Sydney - Sri Lanka captain Angelo Mathews hopes his side can feed off yet more passionate support from their fans come Wednesday's Cricket World Cup quarter-final against South Africa in Sydney.
When Sri Lanka played tournament co-hosts Australia at the SCG during the pool stages, the vast number of supporters from local expatriate communities, as well as travelling fans, generated so much noise and colour it made the match seem like a home game for the Islanders.
"If you play at the MCG (Melbourne Cricket Ground) or SCG it's like playing at home," Mathews told reporters at the SCG on Tuesday.
"Most of the Sri Lankans across Australia or across the world, they fly into Sydney with immense support for us, and we really enjoy playing in Sydney. We've been getting tremendous support wherever we played."
Sri Lanka have a fine record in knockout matches. The reigning World Twenty20 champions, they've also appeared in the last two World Cup finals and won the tournament back in 1996.
By contrast, South Africa have yet to win a knockout match at the World Cup.
Mathews said the key was to remain positive and not be overwhelmed by the fear of failure - a criticism that has been levelled against South Africa.
"I think that when you come to the knockout stages most of the things, most of the teams will think that you can't afford to do mistakes or you'll be out of the tournament.
"That kind of attitude is hard to get rid of. You have to play good cricket back ourselves and go out there and enjoy ourselves."
Turning to the Proteas, he said: "We all know that South Africa are a very hard team to beat, especially in this tournament.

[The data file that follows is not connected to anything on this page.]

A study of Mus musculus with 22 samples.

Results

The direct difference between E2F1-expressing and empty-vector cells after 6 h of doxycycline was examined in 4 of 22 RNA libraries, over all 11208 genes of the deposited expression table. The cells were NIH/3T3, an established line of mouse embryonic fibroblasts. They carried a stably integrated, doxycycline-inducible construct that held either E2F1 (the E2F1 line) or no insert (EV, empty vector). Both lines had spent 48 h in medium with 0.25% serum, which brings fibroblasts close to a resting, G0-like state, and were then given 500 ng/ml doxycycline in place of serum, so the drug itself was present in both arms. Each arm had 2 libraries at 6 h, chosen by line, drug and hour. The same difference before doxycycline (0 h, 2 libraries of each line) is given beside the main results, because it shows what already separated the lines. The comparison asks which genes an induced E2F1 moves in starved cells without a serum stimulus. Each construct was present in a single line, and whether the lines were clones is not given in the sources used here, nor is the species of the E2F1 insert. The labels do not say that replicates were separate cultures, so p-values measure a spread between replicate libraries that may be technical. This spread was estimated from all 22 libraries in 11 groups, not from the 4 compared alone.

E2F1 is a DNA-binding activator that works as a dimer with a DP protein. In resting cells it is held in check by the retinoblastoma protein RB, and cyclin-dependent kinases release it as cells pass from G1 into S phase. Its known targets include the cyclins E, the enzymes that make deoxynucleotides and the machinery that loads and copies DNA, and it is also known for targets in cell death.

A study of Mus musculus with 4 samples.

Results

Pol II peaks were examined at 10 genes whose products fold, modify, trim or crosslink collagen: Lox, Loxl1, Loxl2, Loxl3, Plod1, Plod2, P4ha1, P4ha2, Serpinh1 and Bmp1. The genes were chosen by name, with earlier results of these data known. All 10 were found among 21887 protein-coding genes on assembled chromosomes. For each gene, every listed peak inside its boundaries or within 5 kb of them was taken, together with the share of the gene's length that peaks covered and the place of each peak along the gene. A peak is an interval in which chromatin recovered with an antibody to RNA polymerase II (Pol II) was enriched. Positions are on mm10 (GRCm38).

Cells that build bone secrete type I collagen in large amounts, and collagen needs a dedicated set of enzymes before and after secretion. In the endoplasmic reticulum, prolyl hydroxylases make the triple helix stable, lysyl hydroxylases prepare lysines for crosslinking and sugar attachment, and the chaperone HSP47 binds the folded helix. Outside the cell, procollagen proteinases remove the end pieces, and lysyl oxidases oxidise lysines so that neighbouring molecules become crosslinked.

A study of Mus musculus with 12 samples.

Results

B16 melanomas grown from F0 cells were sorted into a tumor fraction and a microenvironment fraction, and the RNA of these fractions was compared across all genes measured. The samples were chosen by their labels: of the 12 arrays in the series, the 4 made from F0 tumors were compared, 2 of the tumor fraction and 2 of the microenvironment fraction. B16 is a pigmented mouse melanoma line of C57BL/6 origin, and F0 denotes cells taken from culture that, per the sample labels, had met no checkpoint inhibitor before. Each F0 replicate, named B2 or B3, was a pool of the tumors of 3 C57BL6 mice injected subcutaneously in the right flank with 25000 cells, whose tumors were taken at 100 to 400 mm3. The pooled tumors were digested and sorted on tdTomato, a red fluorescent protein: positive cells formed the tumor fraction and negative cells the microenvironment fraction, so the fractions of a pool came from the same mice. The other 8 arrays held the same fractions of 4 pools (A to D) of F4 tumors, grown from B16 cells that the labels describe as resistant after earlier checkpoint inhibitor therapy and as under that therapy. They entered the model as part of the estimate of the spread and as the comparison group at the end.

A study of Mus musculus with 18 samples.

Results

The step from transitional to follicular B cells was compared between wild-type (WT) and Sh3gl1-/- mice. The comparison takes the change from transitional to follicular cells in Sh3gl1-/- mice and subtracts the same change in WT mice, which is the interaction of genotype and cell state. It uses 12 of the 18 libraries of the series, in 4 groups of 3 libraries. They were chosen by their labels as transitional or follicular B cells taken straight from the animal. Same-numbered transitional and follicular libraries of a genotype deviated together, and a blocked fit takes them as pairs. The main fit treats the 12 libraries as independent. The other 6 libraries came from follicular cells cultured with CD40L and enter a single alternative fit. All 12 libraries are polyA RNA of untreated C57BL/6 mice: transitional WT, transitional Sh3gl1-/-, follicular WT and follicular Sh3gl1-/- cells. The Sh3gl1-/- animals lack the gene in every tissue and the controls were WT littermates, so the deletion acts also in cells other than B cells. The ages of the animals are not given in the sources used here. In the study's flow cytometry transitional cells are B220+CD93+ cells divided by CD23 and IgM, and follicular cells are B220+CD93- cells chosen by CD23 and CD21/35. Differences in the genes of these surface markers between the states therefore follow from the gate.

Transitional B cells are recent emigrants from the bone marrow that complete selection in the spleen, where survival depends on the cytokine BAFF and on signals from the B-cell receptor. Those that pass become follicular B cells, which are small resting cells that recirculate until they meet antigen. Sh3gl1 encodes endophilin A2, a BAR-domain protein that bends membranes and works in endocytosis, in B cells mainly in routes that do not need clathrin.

"So the history, it's history. You can't really take anything from it."
Should Sri Lanka lose on Wednesday it promises to be the last one-day international for batting greats Mahela Jayawardene and Kumar Sangakkara.
Wicketkeeper-batsman Sangakkara has been in sensational form this World Cup and comes into the quarter-final having made a record four successive ODI hundreds.
Jayawardene, who scored a hundred in a losing cause during the 2011 World Cup final against India, has had few chances this tournament since making 100 against Afghanistan.
"We've seen Kumar Sangakkara hitting four centuries in a row, and I hope and pray he gets the fifth one tomorrow, while Mahela is a big-match player," said Mathews.
"So hopefully we can win, go into the semis again, the final and win to make it an historic tournament for two legends."
But South Africa have an in-form batsman of their own in skipper AB de Villiers, whose last appearance at the SCG saw him score 162 not out - off just 66 balls - against the West Indies in the pool phase.
"We all know he's a destructive player," said Mathews.
"When he gets going, it's really hard to stop him. So we'll look to attack him early on."
Sri Lanka remain uncertain over the fitness of Rangana Herath, who suffered a finger injury against England, with the bowler's left-arm spin likely to be effective on a SCG pitch renowned for taking turn.
"He's still fifty-fifty," said Mathews. "He hasn't had a bowl yet. The physio has to have a look at him once again today.
"If he bowls at practice today he'll be in contention for selection. If not, he won't be playing."